Bilby populations booming at Currawinya

Issued: 12 November 2020

Image of a Greater Bilby (<em>Macrotis lagotis</em>). Photo: Qld Govt.Open larger image
Greater Bilby (Macrotis lagotis). Photo: Qld Govt.

Recent heavy rains and favourable weather conditions have resulted in a booming bilby population at the 2500-hectare enclosure at Currawinya National Park, with numbers estimated to be 3-4 times the initial release group.

Monitoring using remote cameras and trackers attached to the base of the bilbies tail are revealing exciting news – these endangered  marsupials are thriving at Currawinya and efforts to save the  species in a long-standing partnership with Save the Bilby Fund are delivering early signs of success.

DES Director Threatened Species Operations Manda Page said the recent developments were encouraging.

“In April 2019 the first six animals were released into the enclosure. Then another 14 animals were added in September last year and monitoring results indicate that numbers are likely to be up around 60 to 80 animals. This is very encouraging,” Dr Page said.

“The long-term goal is to release bilbies into the park outside the fence, with their survival aided by a control program on feral cats, foxes and wild dogs.”

Bilbies are one of the fastest breeding mammals on earth with a pregnancy of just 12 to 14 days, but their survival in the wild is tenuous, mainly due to introduced predators.

Feral cats, foxes and wild dogs are a big threat to these meal-sized marsupials, wiping them out across 80 percent of their former range.

At Currawinya National Park, the bilbies are protected behind a specially designed fence that completed construction in 2001 with funds raised by the Save The Bilby Fund.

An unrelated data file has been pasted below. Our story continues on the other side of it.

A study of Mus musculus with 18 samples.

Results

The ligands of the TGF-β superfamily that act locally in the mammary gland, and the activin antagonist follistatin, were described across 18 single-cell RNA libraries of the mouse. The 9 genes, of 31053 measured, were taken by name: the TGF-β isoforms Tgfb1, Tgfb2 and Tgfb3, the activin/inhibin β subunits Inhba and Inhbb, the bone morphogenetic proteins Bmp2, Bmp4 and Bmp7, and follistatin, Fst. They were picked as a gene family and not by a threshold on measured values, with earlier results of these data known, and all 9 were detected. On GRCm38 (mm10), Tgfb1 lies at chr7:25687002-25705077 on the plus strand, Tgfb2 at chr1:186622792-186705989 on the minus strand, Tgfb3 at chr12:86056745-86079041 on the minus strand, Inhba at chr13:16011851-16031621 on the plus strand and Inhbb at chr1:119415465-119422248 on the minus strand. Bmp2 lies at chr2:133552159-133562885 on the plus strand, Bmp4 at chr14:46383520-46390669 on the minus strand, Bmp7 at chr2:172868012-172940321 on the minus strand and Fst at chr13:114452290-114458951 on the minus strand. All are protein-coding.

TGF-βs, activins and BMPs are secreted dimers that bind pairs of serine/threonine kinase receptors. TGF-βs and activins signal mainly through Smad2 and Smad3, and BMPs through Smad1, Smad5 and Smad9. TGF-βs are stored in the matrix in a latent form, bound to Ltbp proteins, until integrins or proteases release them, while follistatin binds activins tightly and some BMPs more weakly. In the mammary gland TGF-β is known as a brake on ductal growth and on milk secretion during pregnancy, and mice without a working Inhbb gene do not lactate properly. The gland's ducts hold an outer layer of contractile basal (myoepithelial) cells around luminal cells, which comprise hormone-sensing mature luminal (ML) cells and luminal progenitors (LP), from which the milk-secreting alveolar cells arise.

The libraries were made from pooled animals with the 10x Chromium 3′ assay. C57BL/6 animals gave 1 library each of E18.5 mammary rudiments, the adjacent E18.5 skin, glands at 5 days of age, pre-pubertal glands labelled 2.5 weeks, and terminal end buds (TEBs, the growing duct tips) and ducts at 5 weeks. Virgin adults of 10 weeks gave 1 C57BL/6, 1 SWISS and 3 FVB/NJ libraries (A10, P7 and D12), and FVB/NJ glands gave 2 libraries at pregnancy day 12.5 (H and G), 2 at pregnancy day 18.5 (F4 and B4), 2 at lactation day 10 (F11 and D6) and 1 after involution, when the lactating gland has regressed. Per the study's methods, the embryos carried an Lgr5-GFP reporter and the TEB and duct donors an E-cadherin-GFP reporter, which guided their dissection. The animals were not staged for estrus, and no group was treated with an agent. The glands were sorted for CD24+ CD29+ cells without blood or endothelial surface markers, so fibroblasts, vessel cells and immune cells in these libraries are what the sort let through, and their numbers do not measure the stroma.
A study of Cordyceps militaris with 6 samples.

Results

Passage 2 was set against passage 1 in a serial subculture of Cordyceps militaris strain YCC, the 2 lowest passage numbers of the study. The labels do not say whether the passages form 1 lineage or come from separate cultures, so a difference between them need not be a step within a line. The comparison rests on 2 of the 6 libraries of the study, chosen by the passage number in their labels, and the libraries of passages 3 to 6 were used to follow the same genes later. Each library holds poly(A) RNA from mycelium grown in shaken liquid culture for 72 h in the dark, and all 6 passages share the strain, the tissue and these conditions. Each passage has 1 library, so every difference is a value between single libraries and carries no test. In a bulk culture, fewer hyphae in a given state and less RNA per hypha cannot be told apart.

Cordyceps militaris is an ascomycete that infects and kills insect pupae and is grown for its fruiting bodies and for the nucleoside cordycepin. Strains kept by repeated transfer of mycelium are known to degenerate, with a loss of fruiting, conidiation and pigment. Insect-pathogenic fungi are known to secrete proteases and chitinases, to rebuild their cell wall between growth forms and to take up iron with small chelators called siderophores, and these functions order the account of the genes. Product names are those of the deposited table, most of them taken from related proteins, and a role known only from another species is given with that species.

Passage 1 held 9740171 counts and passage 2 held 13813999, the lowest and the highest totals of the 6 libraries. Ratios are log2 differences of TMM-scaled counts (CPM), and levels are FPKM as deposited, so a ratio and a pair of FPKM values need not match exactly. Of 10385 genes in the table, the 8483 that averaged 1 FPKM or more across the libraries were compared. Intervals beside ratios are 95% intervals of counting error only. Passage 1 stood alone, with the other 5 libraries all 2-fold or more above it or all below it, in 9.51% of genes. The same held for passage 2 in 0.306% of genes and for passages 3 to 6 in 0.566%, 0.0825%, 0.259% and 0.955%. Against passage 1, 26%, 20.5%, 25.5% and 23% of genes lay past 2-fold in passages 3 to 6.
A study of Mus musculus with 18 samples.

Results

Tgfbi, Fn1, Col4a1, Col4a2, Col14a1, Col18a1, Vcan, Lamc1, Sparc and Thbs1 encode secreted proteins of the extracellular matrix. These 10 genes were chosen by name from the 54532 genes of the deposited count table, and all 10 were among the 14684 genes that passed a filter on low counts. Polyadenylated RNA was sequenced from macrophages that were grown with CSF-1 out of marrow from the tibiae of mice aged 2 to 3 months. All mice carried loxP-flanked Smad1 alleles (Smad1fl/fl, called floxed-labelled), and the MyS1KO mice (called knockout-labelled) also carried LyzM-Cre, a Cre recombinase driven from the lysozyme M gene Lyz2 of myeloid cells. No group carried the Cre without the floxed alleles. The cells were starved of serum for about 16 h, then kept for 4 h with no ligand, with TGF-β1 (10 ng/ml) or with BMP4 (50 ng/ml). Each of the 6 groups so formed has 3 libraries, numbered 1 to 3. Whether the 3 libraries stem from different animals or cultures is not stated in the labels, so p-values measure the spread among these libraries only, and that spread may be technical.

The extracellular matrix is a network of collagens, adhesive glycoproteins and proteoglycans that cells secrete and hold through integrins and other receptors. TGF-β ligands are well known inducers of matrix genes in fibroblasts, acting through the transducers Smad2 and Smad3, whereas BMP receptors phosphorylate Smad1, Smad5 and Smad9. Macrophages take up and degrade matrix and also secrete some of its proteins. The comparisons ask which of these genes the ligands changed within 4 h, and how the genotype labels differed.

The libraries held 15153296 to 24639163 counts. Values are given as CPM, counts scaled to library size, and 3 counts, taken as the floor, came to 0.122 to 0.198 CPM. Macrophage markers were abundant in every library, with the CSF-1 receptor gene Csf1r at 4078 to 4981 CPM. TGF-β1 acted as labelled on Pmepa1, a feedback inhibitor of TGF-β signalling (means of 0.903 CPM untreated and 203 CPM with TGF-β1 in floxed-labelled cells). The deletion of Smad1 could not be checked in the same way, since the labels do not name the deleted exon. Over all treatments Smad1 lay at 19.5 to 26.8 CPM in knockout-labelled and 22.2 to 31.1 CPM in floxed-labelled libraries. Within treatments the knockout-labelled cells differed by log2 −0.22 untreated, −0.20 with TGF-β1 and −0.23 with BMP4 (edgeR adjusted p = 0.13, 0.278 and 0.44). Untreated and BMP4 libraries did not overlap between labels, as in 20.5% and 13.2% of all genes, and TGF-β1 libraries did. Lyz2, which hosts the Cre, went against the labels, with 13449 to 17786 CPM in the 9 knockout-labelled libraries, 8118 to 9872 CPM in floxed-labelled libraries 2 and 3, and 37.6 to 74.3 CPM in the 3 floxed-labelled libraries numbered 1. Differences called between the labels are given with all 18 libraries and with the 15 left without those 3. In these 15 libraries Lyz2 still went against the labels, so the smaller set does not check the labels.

After flood damage in 2011-12 feral cats breached the enclosure and the Queensland Government and Save The Bilby Fund worked together to repair and upgrade the fence to withstand future floods and make the necessary preparations to re-establish a population of bilbies there.

DES partners with Save The Bilby Fund to manage the project at Currawinya and breed bilbies at a captive breeding facility in Charleville for this and other bilby recovery projects. This is part of a nationally coordinated breeding program, which includes the Dreamworld Wildlife Foundation on the Gold Coast, and other facilities throughout Australia also contribute animals to this program.

Save The Bilby Fund CEO Kev Bradley said conservation efforts were proving successful.

“It’s possible with continued support that we will succeed in saving this iconic species and make it a true conservation success story. In a year that has been challenging for so many, this is a reason to be very optimistic.

More details can be found on Save the Bilby Fund.